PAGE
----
The near miss withTropical Storm Claudettelast month and now tropical stormElsamake clear that hurricane season is here. North Carolina residents and governments should act now to prepare for a hurricane coming ashore while COVID-19 still threatens the ability to respond.

A top preparedness priority remains safely sheltering North Carolinians evacuating out of the path of a storm. Currently, about 53% of N.C. residents have received a full COVID-19 vaccination, which means sheltering operations should be designed to still support social distancing and mask use. Ready North Carolina encourages citizens to include masks in their emergency supply kit in case they must shelter in a confined space with people who may not have been vaccinated.

Residents can also secure the supplies they may need to prepare for a storm. Last year’s toilet paper shortage has been followed by a shortage in lumber. Residents planning to board up doors and windows may need more time to find the necessary wood.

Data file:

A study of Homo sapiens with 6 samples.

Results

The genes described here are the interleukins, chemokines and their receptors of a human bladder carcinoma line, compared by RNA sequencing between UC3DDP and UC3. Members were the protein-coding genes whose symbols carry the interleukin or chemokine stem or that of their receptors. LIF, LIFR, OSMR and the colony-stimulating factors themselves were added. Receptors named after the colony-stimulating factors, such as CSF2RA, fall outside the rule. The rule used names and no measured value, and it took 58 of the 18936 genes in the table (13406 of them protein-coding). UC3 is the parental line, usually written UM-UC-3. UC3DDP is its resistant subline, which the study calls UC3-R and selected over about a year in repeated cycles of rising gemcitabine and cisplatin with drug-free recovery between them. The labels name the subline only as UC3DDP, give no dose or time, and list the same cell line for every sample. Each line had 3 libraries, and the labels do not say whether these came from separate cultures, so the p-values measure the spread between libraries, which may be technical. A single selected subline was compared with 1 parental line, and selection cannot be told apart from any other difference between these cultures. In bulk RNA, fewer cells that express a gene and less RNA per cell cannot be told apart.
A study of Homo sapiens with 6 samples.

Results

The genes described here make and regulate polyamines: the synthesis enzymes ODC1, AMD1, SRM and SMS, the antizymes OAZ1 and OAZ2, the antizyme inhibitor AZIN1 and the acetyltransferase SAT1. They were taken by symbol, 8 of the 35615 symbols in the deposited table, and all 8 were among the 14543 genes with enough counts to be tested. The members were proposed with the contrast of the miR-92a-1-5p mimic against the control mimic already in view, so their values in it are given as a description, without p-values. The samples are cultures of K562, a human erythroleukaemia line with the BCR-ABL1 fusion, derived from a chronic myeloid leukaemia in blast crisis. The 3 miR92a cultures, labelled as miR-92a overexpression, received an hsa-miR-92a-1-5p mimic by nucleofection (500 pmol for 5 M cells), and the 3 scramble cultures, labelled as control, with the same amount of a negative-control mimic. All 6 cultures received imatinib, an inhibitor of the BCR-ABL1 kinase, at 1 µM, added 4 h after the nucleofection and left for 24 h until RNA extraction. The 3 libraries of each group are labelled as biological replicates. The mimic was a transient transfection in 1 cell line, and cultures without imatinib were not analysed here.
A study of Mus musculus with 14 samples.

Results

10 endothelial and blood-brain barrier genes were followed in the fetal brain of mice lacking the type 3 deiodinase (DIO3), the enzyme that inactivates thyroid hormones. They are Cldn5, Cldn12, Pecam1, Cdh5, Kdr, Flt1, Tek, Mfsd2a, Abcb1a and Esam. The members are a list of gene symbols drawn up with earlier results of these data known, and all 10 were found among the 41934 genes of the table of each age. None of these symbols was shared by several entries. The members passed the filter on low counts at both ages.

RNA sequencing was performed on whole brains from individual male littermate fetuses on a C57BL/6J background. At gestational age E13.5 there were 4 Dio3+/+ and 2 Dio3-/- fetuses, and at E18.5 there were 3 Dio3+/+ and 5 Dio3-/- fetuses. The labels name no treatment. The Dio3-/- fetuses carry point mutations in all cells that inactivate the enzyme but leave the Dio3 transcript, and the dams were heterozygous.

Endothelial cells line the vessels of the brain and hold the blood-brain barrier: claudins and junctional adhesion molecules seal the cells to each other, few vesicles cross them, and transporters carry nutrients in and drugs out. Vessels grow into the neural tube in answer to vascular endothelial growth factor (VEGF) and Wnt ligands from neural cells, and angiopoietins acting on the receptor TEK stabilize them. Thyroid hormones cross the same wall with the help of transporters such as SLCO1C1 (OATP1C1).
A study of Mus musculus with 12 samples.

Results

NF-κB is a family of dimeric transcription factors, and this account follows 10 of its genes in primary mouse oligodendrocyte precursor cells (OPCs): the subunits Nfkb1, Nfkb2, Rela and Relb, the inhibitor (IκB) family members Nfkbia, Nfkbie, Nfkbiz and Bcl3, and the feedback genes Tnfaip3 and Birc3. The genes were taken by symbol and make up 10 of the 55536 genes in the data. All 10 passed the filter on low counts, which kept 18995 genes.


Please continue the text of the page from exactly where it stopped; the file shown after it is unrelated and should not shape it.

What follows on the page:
The pandemic has also created staffing shortages that are diminishing the distribution network for critical supplies. State, county and municipal governments can consider assessing their public-private partnerships now to ensure distribution nodes are supplied and adequately staffed.

Preparedness planning may have fallen behind, so anything local and state leaders can do to help communities prepare can be beneficial. There’s still time for things like tabletop exercises with federal and local partners, which make a difference.

This hurricane season is starting as state and local governments revert to in-person operations. North Carolina’s leadership can consider updating its plans for managing emergency operations centers and continuity of operations to account for this hybrid status and the evolving challenges the pandemic still presents.

North Carolina is one of only a few states to have managed a hurricane response last year during COVID-19. The first hurricane in 2020 was named in July so the time to start applying those lessons is right now.